Thursday, March 29, 2007

Survival Isn't the Goal

For to me to live is Christ, and to die is gain.
Philippians 1:21
Have you ever wondered what Paul means when he makes this statement? Sam Crabtree, one of the pastors at Bethlehem Baptist Church where John Piper preaches, helps us understand the mind of the apostle with a profound meditation. Here is an excerpt (you should read the whole thing here. It's actually a meditation on Isaiah 7:1-9.):
The battle is the Lord’s. But if we choose to make the battle ours, and choose to make survival the goal of the battle, then we start to figure the angles, make subtle accommodations, compromise here and there, demote moral conviction, and do anything to win, to survive. What we need is a fundamental shift in the center of gravity in our lives from focusing on survival of ourselves to glorifying God, even in death.

At the outset of his public ministry, Jesus was driven out into the wilderness by the Holy Spirit for forty days and nights, to be tempted. That’s a long time without nourishment. He begins his ministry about to starve to death. (At the beginning of your ministry, people will not beat a path to your bones.) Survival in jeopardy. And what does he say? “Man does not live by bread alone, but by every word that proceeds out of the mouth of God.” He could say no to Satan because he had settled the fundamental issue of survival. The issue was not bread, but obedience.

Shadrach, Meshach, and Abednego could remain faithful in the face of fiery flames because they had settled the issue of survival.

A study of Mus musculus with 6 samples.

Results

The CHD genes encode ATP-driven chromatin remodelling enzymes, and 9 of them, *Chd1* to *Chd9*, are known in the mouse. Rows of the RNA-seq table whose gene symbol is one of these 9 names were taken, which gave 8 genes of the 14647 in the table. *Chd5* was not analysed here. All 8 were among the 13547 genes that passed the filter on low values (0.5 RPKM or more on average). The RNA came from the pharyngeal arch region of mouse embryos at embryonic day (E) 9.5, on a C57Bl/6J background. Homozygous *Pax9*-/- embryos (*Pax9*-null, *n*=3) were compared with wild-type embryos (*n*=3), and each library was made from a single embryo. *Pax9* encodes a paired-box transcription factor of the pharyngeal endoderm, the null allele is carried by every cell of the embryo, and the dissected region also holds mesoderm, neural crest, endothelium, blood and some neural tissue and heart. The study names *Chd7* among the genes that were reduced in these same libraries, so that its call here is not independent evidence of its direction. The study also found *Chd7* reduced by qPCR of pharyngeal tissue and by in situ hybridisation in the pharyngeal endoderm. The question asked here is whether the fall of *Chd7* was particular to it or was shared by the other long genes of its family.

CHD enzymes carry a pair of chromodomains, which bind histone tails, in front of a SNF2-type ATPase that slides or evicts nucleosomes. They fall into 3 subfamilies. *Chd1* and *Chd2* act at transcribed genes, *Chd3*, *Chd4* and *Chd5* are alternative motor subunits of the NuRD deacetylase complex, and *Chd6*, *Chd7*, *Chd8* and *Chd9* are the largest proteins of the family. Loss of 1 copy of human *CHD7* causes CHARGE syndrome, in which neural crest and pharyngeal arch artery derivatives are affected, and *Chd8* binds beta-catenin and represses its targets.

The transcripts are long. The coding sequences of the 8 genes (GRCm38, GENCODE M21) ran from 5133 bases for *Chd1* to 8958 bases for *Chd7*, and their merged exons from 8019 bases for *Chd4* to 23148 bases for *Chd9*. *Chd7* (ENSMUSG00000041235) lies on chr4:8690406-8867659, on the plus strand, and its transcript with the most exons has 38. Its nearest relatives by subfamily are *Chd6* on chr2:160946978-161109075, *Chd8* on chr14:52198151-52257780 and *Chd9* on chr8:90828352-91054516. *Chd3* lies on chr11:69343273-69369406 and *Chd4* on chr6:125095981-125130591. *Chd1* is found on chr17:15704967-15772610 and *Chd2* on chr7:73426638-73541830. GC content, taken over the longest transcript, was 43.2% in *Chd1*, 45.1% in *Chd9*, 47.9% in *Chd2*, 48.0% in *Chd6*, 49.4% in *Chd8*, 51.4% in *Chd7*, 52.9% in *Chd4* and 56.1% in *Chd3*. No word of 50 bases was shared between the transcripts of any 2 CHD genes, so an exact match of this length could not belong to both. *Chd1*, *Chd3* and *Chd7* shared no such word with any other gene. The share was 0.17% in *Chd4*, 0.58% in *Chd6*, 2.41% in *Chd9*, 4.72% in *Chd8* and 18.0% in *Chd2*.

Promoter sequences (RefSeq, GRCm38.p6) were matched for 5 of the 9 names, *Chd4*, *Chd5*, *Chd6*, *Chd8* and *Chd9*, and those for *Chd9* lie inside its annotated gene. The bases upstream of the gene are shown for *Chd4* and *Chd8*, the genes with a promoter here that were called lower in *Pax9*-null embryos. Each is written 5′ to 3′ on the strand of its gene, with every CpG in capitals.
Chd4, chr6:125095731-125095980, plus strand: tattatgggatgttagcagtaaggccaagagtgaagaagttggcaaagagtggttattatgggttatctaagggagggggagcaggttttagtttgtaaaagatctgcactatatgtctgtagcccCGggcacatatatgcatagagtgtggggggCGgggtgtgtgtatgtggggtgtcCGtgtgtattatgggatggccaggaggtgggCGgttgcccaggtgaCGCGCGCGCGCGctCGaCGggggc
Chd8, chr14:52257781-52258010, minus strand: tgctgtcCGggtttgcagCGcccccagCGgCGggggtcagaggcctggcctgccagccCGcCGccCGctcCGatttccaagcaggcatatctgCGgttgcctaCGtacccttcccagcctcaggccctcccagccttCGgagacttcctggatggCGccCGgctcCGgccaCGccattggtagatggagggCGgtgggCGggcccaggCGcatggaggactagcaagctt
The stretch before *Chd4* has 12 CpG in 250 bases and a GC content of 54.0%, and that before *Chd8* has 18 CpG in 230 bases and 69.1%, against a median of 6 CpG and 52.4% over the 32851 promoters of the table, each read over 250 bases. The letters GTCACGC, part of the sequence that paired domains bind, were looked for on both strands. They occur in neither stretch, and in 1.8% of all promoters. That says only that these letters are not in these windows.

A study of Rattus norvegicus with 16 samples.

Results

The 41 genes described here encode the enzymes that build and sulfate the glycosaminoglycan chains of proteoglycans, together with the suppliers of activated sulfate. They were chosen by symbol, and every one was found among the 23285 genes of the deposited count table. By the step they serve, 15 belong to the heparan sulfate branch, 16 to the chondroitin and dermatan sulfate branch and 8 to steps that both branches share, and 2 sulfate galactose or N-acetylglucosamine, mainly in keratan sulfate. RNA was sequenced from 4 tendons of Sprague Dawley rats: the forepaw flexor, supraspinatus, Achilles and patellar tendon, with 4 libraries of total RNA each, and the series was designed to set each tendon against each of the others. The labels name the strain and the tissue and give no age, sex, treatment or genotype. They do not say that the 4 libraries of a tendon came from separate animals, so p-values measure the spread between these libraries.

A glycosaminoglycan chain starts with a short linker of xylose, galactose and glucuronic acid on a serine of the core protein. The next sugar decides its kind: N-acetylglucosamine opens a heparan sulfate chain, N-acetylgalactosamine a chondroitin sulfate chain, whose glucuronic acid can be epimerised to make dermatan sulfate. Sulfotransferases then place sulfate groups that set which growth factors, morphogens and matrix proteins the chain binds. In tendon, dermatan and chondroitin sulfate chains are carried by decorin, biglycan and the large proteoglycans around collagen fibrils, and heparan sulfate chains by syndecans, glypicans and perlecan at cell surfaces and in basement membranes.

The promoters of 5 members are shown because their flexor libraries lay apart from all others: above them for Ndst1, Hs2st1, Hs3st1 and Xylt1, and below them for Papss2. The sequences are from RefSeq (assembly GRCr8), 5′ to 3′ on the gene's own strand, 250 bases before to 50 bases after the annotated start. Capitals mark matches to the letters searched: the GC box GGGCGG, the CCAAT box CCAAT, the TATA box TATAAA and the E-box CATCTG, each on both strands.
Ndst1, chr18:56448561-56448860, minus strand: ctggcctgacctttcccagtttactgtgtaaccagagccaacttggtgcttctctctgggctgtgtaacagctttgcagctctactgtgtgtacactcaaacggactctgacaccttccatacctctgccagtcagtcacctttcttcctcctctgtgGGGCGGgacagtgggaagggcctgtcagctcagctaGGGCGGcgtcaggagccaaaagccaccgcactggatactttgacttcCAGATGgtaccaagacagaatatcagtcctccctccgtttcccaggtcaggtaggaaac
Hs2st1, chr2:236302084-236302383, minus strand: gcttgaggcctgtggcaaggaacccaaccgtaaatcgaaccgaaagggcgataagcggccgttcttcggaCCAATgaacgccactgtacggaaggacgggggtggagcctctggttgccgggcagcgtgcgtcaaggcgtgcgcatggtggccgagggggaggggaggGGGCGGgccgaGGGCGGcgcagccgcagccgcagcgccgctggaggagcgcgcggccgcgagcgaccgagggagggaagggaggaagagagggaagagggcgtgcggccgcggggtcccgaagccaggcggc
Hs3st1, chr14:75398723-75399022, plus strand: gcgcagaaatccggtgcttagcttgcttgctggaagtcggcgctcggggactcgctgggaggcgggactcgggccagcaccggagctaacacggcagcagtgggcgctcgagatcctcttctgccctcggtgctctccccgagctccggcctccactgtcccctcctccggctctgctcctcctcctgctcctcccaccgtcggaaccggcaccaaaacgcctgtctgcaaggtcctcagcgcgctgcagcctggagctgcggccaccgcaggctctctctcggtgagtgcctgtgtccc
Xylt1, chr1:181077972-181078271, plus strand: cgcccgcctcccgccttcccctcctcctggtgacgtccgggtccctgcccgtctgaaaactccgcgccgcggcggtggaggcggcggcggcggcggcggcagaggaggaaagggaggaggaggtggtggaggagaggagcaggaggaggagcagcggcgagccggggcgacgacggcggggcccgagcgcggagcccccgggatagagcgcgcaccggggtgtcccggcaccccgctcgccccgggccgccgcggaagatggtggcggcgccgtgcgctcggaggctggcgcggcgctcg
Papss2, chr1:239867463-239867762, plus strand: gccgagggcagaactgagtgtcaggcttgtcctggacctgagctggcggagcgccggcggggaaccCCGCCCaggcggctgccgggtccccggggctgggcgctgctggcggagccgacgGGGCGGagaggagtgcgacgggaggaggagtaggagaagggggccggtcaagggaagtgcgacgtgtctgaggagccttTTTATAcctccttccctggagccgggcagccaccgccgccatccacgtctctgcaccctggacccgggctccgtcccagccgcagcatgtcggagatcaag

Daniel could persist in prayer because he had settled the issue of lions’ dens.

David could charge Goliath with a bag of small stones because he had settled the issue of what was worth dying for.

The martyrs in Revelation testified in the face of death threats and overcame Satan.
Revelation 12:11 And they have conquered him by the blood of the Lamb and by the word of their testimony, for they loved not their lives even unto death.

In contrast, Caiaphas had to survive (If we do not destroy Jesus we will lose our place.), and so he concocted a bogus legal proceeding.

Pilate had to survive (“You’re not Caesar’s friend.” Oh, so that’s the issue.), and so he washed his hands of it and said “Crucify him.”

Beware the impulse to survive. You may become something you didn’t intend. Ironically, if you don’t believe, you won’t last. If you are not firm in faith, you will not be firm at all.

Dying is only gain when we love Christ and His glory and coming to behold the fullness of it in eternity more than we love this life and the comfort that it offers. When we love Jesus in this way then, and only then, will we join Paul in being indifferent to whether we live or die, caring only that Christ will be honored in our bodies (Philippians 2:20).

Who cares about survival? Paul didn't. Daniel didn't. Shadrach, Meshach, and Abednego didn't. And Jesus surely didn't.

I pray that when my time comes, I won't.

Oh Father, make us a people who love Christ more than we love life. Only You can make this happen by doing a supernatural work in our hearts. May we desire the infinitely satisfying glory of Christ more than we desire pain-free lives. Do this for Your Son's sake, that we may show Him to be the infinite treasure that He is. In Jesus' name, Amen.